South African president Cyril Ramaphosa defended his track record on reform and said policy measures being implemented by the government will yield stronger economic growth in time.
Ramaphosa, 67, is facing a growing chorus of criticism that he’s taking too long to reverse nine years of misrule by his predecessor Jacob Zuma that hobbled the economy.
The state’s inability to undertake reforms has been constrained by infighting over policy direction within the ruling African National Congress.
The presidency cited the rebuilding of key state institutions, along with policy and regulatory reforms in the oil, gas, mining and telecommunications industries as examples of the “substantial progress” his government has made.
“It is not realistic to expect these interventions to yield immediate results,” Ramaphosa’s spokeswoman, Khusela Diko, said in an emailed response to questions.
“There is often a delay between the decision to change a regulation and the moment when change takes effect. Government is confident, however, these reforms will have a measurable impact on growth and jobs as they take root.”
South Africa’s economy is expected to expand less than 1% this year, according to the International Monetary Fund and the World Bank.
The ANC has fallen short on previous pledges to ignite economic growth and tackle a 29% unemployment rate, mainly because state power utility Eskom can’t generate enough power.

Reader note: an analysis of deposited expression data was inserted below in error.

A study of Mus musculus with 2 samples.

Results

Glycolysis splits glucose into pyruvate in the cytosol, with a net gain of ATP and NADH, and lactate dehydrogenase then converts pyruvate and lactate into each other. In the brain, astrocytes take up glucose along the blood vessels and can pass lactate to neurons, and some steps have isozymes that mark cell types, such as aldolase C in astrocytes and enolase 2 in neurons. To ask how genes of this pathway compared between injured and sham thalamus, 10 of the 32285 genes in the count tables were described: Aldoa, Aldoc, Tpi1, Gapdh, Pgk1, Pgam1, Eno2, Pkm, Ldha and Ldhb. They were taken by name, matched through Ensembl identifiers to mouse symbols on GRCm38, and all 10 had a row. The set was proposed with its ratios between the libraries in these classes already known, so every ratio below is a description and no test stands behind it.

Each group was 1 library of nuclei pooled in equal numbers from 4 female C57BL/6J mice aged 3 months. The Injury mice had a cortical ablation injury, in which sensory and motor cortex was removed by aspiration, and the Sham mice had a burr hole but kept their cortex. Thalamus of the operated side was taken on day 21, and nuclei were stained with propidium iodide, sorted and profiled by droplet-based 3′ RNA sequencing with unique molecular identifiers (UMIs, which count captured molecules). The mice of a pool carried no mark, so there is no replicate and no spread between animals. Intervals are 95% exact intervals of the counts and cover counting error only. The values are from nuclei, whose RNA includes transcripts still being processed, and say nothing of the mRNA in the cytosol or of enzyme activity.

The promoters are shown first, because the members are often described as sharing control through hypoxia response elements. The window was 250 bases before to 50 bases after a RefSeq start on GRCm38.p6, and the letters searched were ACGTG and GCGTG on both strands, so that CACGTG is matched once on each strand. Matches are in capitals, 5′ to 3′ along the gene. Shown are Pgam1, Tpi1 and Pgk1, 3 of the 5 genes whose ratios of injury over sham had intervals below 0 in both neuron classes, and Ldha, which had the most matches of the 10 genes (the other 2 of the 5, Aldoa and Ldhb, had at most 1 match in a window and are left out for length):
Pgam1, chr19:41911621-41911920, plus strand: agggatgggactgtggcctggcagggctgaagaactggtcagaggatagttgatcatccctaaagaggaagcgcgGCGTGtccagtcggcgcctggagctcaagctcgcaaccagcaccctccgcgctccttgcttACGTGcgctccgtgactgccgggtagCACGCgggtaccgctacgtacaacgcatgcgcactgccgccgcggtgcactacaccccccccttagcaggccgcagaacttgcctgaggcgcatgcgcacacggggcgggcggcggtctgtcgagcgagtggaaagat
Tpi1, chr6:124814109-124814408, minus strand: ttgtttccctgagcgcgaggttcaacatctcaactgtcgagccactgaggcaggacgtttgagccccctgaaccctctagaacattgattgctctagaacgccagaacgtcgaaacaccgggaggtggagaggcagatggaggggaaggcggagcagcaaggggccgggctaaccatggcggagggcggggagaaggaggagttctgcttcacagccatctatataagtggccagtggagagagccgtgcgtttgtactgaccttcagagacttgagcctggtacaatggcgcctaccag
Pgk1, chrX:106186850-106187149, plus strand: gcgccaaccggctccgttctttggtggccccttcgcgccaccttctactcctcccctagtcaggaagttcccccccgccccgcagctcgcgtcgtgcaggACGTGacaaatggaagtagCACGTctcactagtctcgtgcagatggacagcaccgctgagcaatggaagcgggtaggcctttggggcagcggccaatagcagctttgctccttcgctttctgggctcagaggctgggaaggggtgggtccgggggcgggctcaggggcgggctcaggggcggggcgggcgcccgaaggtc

The crisis at Eskom is one of the biggest challenges Ramaphosa has faced since he was appointed president in February 2018. The utility has more than R450 billion ($30 billion) of debt and has struggled to maintain ageing power plants or build ones.
“The operational and financial crisis at Eskom has had a devastating impact across the economy and exacerbated pressure on a fiscus that is already under great strain,” Ramaphosa said.
“It is for this reason that government has adopted a turnaround plan to restore good governance, prudent financial management and operational efficiency at Eskom.”
The appointment of new management is among indicators of the state’s ongoing efforts to bring on board skilled, qualified and “fit-for-purpose individuals” to stabilize the power utility, he said.
Ramaphosa also cited the success of his government’s drive to boost foreign investment as a sign of progress. His plan to raise $100 billion in five years has already reached almost 50% of its target within two years, he said.